Source: SciDev - Tue, 7 Jan 2014 11:39 AM

The “fragmented” coordination between relief actors in the Philippines following Typhoon Haiyan last month underscores the need for artificial intelligence to streamline disaster response, says a team behind such an effort.

The ORCHID project — a consortium of UK universities and private firms — aims to make this possible by combining human and artificial intelligence into an efficient complementary unit known as a Human Agent Collective (HAC).

The computer systems being developed can assume tasks such as directingsurveillance drones, resource management and search planning, says David Jones, head of Rescue Global, the disaster response organisation responsible for testing the software next year.

“Coordination of such a large response [after a disaster] is so challenging without technological assistance that makes data more accessible,” he tellsSciDev.Net while on mission in the Philippines.

“Bringing humans and artificial intelligence together is the only way to get the job done better.”

Computers’ data-crunching abilities mean they are good at making sense of the huge amounts of information generated during an emergency from local status reports, social media, and the array of organisations involved in the relief effort.

By collecting and analysing these data, HAC systems can flexibly implement a number of activities vital for disaster response, says Jones.

“Bringing humans and artificial intelligence together is the only way to get the job done better.”

David Jones, Rescue Global

These include planning the flight paths of surveillance drones, verifying the authenticity of information coming in from social media, facilitating data sharing and organising human teams based on their skill sets and current needs on the ground.

Machines not only complete many of these jobs better than humans, but by taking on these complex calculations they allow experts to concentrate on more nuanced tasks such as analysing the content of photographs or video, and strategic planning.

For HAC systems to be successful, this division of labour must be accounted for and the right balance found between artificial and human input, says Sarvapali Ramchurn, ORCHID applications theme leader from the UK-based University of Southampton.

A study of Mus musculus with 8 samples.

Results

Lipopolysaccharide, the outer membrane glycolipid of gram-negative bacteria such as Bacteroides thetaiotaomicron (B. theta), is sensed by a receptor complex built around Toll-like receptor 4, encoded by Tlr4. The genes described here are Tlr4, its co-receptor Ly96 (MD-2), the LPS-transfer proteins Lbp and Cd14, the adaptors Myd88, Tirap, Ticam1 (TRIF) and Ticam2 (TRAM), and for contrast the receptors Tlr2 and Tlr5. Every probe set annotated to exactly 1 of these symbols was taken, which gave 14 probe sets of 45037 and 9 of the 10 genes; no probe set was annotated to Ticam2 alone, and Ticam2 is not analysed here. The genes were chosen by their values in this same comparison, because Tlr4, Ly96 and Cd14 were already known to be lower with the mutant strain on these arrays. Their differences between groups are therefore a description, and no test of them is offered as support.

He believes that the field trials in the Bay of Bengal planned for next year will go a long way towards showing how effective HACs can be, and pave the way for a big impact in the future.

Although exact details of the tests have not been finalised, how the complex algorithms cope with analysing environmental data coming in from sensors and social media, as well as their ability to assess the quality of this information will likely be scrutinised, he says.

Judging the reliability of a source is particularly important in developing nations, where information coming in from the local population is primarily text-based and therefore much harder to verify than when images are available from smartphones, adds Ramchurn.

Andrej Verity, an emergency manager from the UN Office for the Coordination of Humanitarian Affairs, agrees that any HAC-based system must work well using basic information, such as text messages and emails, if it is to function accurately in less developed nations.

But he is sceptical such software will be readily adopted by disaster relief actors.

“All the big humanitarian organisations already have their own procedures and software systems, so trying to do something bigger and bring collaboration across organisations on a technical level is extremely difficult,” says Verity.

Ramchurn, however, believes disaster response agencies are growing increasingly open to new technology, and so it is not unreasonable to assume they will be willing to participate in HACs in the future.